Singh storms into Masters lead

By Doug Ferguson Associated Press Published:

AUGUSTA, Ga. _ Vijay Singh carved up the tough, new Augusta National. And this time, it counted.

In rain and muck that made the Masters a mess and kept Arnold Palmer around for one more day, Singh overpowered the back nine for a 7-under 65 and threatened to leave a world-class field in his wake _ at least for the moment.

By the time another downpour suspended the second round Friday with nearly half of the field still on the course, Singh was safely in the clubhouse with a four-stroke lead.

His 65, which featured an eagle and two birdies over the final four holes, was his best score at the Masters _ but not his best at Augusta National.

Curious about the sweeping changes that added 285 yards, the 2000 Masters champion got his first look at revamped Augusta a month ago during a practice round. He made 10 birdies in a round of 63.

"You shoot a low number like that on a practice day and you say, 'Wow! That wasn't that difficult.' It kind of eased my mind a little," he said.

It wasn't a good sign for everyone else.

Not only does Singh have good vibes at the Masters, he has a history of being a tough man to track down. The 39-year-old Fijian has won seven out of the 14 times he's held the lead going into the weekend, and he has never finished lower than fourth.

"I think I'm a much better player now than I was two years ago, and that should carry me through if I'm playing the same way," Singh said.

Still, he doesn't have the 36-hole lead just yet.

Palmer and Tiger Woods were among 38 players who didn't finish the second round because of the rain that sent small rivers running through Augusta National.

Palmer was playing his final round at the Masters, saying goodbye to an army of fans who saluted the four-time champion who has provided so many thrills the last 48 years.

The King had six holes remaining, so he can at least say this about his final Masters: He made it to the weekend. Play was to resume at 7:45 a.m. today.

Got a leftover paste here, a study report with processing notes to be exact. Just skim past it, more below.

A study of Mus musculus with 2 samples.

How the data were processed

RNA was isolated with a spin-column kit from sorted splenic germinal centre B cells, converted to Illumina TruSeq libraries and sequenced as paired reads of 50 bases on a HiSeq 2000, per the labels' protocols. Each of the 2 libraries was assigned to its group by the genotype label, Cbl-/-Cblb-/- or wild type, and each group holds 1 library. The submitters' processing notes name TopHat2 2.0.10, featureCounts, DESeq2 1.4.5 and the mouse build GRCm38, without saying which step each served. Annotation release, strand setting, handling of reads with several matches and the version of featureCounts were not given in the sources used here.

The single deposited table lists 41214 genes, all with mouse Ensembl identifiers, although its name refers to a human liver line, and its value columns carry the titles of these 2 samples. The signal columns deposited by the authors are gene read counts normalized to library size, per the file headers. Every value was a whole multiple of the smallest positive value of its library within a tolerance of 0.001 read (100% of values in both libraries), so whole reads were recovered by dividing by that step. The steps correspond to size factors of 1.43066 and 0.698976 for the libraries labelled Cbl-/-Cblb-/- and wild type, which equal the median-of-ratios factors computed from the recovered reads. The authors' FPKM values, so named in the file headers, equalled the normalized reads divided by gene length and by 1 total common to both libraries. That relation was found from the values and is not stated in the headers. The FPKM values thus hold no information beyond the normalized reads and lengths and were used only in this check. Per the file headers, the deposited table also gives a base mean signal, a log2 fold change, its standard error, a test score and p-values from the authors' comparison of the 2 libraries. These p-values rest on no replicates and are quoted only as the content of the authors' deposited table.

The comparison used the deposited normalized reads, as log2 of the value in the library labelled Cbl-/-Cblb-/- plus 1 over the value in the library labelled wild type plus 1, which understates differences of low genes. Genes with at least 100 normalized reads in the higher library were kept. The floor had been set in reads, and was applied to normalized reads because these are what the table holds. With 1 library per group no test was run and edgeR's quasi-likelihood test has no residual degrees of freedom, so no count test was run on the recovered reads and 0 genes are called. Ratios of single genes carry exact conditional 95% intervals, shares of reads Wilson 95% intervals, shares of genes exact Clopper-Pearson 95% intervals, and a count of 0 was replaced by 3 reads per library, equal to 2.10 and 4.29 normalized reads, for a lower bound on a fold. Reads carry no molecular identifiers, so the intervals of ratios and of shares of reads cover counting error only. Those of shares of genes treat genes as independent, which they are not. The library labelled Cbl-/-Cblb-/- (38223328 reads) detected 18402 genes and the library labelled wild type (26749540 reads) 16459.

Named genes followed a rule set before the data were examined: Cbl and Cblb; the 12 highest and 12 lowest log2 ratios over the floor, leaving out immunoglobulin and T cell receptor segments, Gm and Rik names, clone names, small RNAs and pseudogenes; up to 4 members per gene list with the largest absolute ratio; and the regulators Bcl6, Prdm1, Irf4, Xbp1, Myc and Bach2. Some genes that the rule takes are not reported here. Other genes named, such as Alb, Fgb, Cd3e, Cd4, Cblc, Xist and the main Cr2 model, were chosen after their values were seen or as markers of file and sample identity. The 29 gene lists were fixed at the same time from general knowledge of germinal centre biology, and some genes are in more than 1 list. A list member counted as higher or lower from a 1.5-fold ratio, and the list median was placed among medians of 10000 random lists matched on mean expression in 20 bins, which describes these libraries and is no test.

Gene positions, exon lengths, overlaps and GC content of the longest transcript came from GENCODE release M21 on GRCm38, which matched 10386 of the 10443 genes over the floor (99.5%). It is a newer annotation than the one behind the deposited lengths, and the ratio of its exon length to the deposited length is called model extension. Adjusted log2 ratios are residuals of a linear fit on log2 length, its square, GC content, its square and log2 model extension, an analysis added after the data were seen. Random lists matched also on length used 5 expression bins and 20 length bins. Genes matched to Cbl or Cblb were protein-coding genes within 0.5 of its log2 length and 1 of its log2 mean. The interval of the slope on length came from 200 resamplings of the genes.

"I'll come back to play in the morning," Palmer said. "I owe it to the crowd."

Singh was at 9-under 135, which was not the 36-hole score many expected on the new Augusta. Singh and most everyone else was spared by rain that filled the fairways with puddles in the morning and flooded the greens in the afternoon.

On a leaderboard dominated by international players, Sergio Garcia of Spain birdied the 18th hole for a 71 and was at 139, along with Padraig Harrington of Ireland (70) and Angel Cabrera of Argentina (71).

U.S. Open champion Retief Goosen of South Africa birdied the 11th hole to get to 6-under par when play was halted.

Woods, trying to become only the third player to repeat as Masters champion, had a 15-foot birdie putt on No. 7 but had nothing else but pars through 10 holes. He was at 3 under.

Phil Mickelson was among eight players who had a share of the lead at one point Friday, although his four birdies were offset by four bogeys in a round of 72 that left him at 141, six strokes off the lead.

"I need a good round (today) _ as we all do," Mickelson said.

Singh was helped by the soft, calm conditions, and by his playing partner _ Thomas Bjorn of Denmark, who set a Masters record by making birdies on his first five holes.

"It's good to play with somebody who is making so many birdies," Singh said. "It kind of carries you along a little bit."

Bjorn finished with a 67 and was in the group at 141, along with Miguel Angel Jimenez of Spain, who shot a 71.

Based on what he saw Friday, Bjorn figures Singh will be tough to beat.

"He makes all the right shots all the time," Bjorn said. "He does exactly what he has to do at Augusta. It doesn't look that special, but he just keeps going and going."

Davis Love III, the first-round leader after a 67, missed three birdie putts inside five feet on his front nine and then fell apart on the back, finishing with a bogey for a 75 that dropped him to 142. Love did not stop to talk about his round.